Asking a Bank About a Levy Notice

Debt is something that is going to be a part of life for many Americans, and there are several different ways to handle and manage debt. When you manage your debt properly, you can gradually pay off loans, credit and taxes, and your finances will not take a hit. However, if you let debt build to a level where it is no longer manageable, you may find that you will face larger financial consequences. In extreme cases, your creditor will need to result to legal actions in order to withdraw the money that they are owed, and an IRS bank levy may be opened against the debtor.

What a Levy Is

A bank levy is a tool that is used by both creditors and the IRS is order to get the money that they are owed. When a levy is opened on your bank account, the account will be frozen and you will no longer have the ability to withdraw money. Then, after a specific period of time has passed, the creditor will be able to seize money from your account. Dealing with levies can be a confusing and frustrating process, and you will want to do your best to learn all that you can about levies from your bank.

When a levy is going to be placed on your account, you will likely receive a notice from the bank or the creditor. For example, if the IRS is placing a levy on your account, they will send you a notice thirty days prior to the levy being placed. These notices may be difficult to understand and the bank may be able to help you avoid further problems by understanding the levy.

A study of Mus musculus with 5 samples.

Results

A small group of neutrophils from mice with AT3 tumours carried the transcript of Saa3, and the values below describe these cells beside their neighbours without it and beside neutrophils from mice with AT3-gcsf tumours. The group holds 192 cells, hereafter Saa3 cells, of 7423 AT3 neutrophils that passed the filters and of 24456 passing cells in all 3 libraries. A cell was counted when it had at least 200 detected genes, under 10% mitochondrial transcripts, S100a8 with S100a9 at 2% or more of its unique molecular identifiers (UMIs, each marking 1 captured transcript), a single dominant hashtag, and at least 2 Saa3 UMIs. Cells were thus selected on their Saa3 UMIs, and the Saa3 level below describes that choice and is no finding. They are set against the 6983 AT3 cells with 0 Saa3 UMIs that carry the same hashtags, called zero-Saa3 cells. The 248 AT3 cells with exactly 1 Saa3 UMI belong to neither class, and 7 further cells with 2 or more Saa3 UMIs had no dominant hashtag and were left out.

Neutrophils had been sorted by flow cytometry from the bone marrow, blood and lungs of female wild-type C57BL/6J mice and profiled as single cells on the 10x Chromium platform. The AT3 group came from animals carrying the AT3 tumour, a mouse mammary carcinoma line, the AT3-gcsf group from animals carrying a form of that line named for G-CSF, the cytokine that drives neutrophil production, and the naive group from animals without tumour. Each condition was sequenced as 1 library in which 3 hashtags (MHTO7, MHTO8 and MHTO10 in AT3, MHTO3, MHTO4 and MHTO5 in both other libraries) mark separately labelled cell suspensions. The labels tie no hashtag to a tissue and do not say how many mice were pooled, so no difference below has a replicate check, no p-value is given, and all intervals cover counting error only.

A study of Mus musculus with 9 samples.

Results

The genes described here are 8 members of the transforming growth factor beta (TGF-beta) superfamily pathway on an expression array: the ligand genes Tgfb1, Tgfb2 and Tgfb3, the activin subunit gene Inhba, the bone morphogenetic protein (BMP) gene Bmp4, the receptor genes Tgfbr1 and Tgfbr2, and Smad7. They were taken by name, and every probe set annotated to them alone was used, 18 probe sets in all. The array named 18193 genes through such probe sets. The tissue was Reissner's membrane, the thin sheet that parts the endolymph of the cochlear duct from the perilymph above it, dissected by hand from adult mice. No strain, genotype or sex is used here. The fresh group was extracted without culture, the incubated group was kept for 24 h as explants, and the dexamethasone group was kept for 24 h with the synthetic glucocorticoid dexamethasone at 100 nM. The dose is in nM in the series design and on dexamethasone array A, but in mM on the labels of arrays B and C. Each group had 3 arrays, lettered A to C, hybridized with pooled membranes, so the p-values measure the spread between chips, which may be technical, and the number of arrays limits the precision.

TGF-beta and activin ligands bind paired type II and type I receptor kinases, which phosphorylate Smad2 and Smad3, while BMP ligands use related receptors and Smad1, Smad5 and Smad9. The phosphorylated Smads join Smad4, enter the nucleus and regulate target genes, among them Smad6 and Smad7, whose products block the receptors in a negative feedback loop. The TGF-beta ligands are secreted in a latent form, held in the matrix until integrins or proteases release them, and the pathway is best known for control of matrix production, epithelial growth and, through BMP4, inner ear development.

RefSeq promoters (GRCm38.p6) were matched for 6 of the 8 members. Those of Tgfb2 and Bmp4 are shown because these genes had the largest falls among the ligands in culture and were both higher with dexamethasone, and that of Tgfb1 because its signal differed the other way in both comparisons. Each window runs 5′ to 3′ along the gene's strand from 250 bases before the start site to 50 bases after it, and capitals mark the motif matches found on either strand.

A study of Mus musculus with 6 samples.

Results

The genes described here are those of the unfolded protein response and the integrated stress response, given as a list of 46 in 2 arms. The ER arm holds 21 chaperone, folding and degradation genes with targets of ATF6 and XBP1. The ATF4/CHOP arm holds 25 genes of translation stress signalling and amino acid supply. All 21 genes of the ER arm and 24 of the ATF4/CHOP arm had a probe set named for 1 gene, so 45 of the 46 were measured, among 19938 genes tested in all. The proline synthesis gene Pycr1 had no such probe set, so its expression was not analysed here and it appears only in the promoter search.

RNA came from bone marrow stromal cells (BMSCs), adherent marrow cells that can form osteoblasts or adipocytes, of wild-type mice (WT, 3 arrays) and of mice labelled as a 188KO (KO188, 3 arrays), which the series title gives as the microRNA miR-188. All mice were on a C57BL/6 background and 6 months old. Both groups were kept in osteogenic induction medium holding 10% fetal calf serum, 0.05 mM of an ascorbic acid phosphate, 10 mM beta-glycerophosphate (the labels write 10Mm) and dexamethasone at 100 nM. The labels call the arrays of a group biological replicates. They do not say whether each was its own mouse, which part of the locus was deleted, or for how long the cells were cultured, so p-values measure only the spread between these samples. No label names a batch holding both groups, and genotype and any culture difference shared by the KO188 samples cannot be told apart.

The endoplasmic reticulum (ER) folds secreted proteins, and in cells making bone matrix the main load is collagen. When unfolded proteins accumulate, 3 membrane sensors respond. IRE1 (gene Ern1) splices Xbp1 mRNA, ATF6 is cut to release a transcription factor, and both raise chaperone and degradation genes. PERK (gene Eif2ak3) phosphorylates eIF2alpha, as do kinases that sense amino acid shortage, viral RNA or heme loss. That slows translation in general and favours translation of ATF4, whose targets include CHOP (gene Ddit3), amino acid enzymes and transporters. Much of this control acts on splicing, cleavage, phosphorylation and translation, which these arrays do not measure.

What the Bank Can Do

When you receive a levy notice there are a few simple things that you will want to do in order to explore your options, and the bank may be able to help you. Banks do not like placing levies on the accounts of their customers but they will be legally obligated to do so if there is recourse for the levy. Because the bank is not going to want to place a levy on your account, they may be able to help customers learn about their options for fighting the levy.

If you have received a notice for a levy, you may want to ask the bank about the possibility of opening a loan to pay the tax debt. Loans from the bank are often going to come with more manageable interest rates, and they can help a customer quickly pay off the debt balance, avoid a levy and create a more flexible debt repayment plan. If you have a levy placed on your account, you should go to the bank and discuss loan options. If a loan is not possible, the bank may be able to help you file an appeal to the levy. Depending on the reason for the levy, an appeal may be an effective way to fight account seizure, and may help you buy yourself some more time to repay your debt.

Receiving a notice about a potential levy can be a scary and frustrating experience. Asking a bank about a levy notice can help you avoid problems that otherwise might lead to a lot of financial strain and stress. If you are currently facing a levy, do your best to work out the debt with the creditor, and speak with your bank in order to learn about the options that you may have for keeping your account open and avoiding seizure.